Judge David Holton, now retired, served on the bench for about 10 years. He cautions that the rebound will have to come with more resources.

LOUISVILLE, Ky. — A former judge who once presided over juvenile court in Louisville is optimistic about the potential move to bring back the Juvenile Detention Center downtown.

Judge David Holton, now retired, served on the bench for about 10 years.

“The hardest assignment I had was the juvenile court judge,” Holton said. “It's so heart-wrenching, it's so sad to see kids who have done things that ruin their lives.”

He said the number of youth crimes isn't drastically different than before the detention center closed in 2019, but said the closure was a step in the completely wrong direction.

“It was a case of balancing the budget of the county government on the backs of the young people,” Holton said.

Kentucky lawmakers said they are looking to bring back Louisville's downtown juvenile detention center, and they have a plan to make it happen.

In Frankfort on Thursday, State Rep. Kevin Bratcher (R-D29) and other lawmakers from Louisville proposed an $8.9 million package to be included in House Bill 3. It'll be heard when the legislative session resumes next Tuesday.

The plan is to reconstruct a state-run youth detention facility at the old location on West Jefferson. It was previously run by the city before getting cut from the budget in 2019, forcing a closure.

Bratcher said Louisville Mayor Craig Greenberg, Interim Police Chief Jackie Gwinn-Villaroel and Deputy Mayor David James support the initiative. The state Department of Juvenile Justice (DJJ) workgroup leaders met with them earlier this week.

Bratcher said city officials agree, youth crime has become one of the primary drivers of violence in Louisville -- from carjackings to shootings.

"The police of Louisville have been asking for it, the clergy of Louisville has been asking for it," Bratcher said. "If we don't get a grip on juvenile crime in Louisville, we're not going to get a grip on the crime wave in Louisville."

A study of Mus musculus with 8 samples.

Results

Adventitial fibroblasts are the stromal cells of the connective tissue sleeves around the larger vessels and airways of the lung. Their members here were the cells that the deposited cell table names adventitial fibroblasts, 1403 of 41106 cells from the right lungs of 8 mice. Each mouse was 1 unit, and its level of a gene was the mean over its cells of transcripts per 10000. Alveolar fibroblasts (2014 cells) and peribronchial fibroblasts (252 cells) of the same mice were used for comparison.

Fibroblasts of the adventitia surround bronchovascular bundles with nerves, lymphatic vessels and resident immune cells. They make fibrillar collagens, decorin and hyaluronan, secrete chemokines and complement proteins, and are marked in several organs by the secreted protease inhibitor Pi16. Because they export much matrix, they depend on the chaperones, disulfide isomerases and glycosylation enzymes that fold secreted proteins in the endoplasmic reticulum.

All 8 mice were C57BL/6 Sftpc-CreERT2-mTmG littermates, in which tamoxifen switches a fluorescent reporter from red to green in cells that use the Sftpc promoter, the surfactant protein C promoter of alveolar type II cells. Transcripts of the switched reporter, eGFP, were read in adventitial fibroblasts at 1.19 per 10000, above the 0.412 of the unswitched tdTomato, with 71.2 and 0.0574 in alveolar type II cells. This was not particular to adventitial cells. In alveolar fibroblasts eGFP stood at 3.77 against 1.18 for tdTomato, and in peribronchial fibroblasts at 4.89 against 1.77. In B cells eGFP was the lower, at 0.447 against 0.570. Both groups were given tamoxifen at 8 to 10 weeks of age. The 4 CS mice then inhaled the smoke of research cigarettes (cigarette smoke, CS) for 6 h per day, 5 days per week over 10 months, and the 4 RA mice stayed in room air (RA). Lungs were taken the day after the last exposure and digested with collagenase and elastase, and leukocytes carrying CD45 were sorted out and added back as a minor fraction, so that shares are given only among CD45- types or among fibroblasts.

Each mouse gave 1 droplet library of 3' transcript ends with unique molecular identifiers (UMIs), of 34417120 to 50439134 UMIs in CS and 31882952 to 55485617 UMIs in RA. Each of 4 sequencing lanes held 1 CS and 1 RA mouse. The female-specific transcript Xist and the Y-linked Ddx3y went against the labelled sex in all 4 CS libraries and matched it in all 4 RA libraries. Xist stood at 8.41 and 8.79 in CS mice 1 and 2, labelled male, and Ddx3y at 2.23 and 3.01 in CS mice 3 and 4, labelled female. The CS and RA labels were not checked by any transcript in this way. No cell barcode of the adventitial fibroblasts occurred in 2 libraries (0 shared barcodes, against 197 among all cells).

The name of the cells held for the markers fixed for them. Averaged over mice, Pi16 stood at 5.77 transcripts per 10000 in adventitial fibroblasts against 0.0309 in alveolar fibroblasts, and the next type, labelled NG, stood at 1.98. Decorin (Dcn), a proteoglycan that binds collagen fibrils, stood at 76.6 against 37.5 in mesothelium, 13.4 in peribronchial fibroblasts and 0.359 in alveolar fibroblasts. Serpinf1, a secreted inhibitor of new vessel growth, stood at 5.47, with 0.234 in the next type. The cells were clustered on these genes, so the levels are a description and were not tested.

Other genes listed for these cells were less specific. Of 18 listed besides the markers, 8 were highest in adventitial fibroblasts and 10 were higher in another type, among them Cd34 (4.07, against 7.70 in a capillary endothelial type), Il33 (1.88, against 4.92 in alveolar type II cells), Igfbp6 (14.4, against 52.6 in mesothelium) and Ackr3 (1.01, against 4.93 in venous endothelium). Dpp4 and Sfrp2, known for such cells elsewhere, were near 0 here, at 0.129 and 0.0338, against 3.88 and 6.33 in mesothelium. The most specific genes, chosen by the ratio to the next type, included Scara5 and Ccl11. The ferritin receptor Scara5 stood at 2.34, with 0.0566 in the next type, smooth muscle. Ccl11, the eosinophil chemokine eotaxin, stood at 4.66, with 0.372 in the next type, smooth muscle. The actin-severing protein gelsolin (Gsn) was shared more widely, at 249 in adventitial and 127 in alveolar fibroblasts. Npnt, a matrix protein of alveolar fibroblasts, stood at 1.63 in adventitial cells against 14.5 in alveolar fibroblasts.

After his State of the City address Thursday, Greenberg told WHAS11 he backs lawmakers' push.

"Our city will put together a partnership to provide other services to juveniles who find themselves ensnared in the legal system, so we can get them the support and services they need," he said. "It is unfortunate the amount of juvenile crime that's happening in our city -- it is far too much. This is just one part of the solution."

There are still plenty of question marks, including whether the General Assembly would even choose to fund the effort as they reconvene in Frankfort on Tuesday.

Bratcher hopes they can rearrange funds within the Justice and Public Safety Cabinet or possibly have a budget item, despite it not being a budget year. He hopes the center will have more than 50 beds for youth offenders and abundant mental health services on site.

"The city of Louisville has services to provide these children who commit some bad crimes, and they have told me many times they're caught and released before they have a chance to even sit down and talk to the child," Bratcher said. "So, you know, that's got to change. Hopefully by the end of this session there will be one on the way."

Holton told WHAS11 that the state should have always paid for Louisville's detention center, and so he's glad to see that proposed funding change.

Holton also cautioned the rebound will have to come with more resources, including mental health and increased staffing.

"I'm hopeful that the facility be built here again because I think it's better for the kids to be here, closer to their family," he said. "But in the end, the real results, the proof would be in the pudding about what kind of services the state puts into the facility here."

The proposal came as juvenile detention centers across the state have cited major staffing shortages. Bratcher says he's recommending Kentucky Gov. Andy Beshear start a new program to bring back retired troopers to work as youth workers -- potentially in Louisville.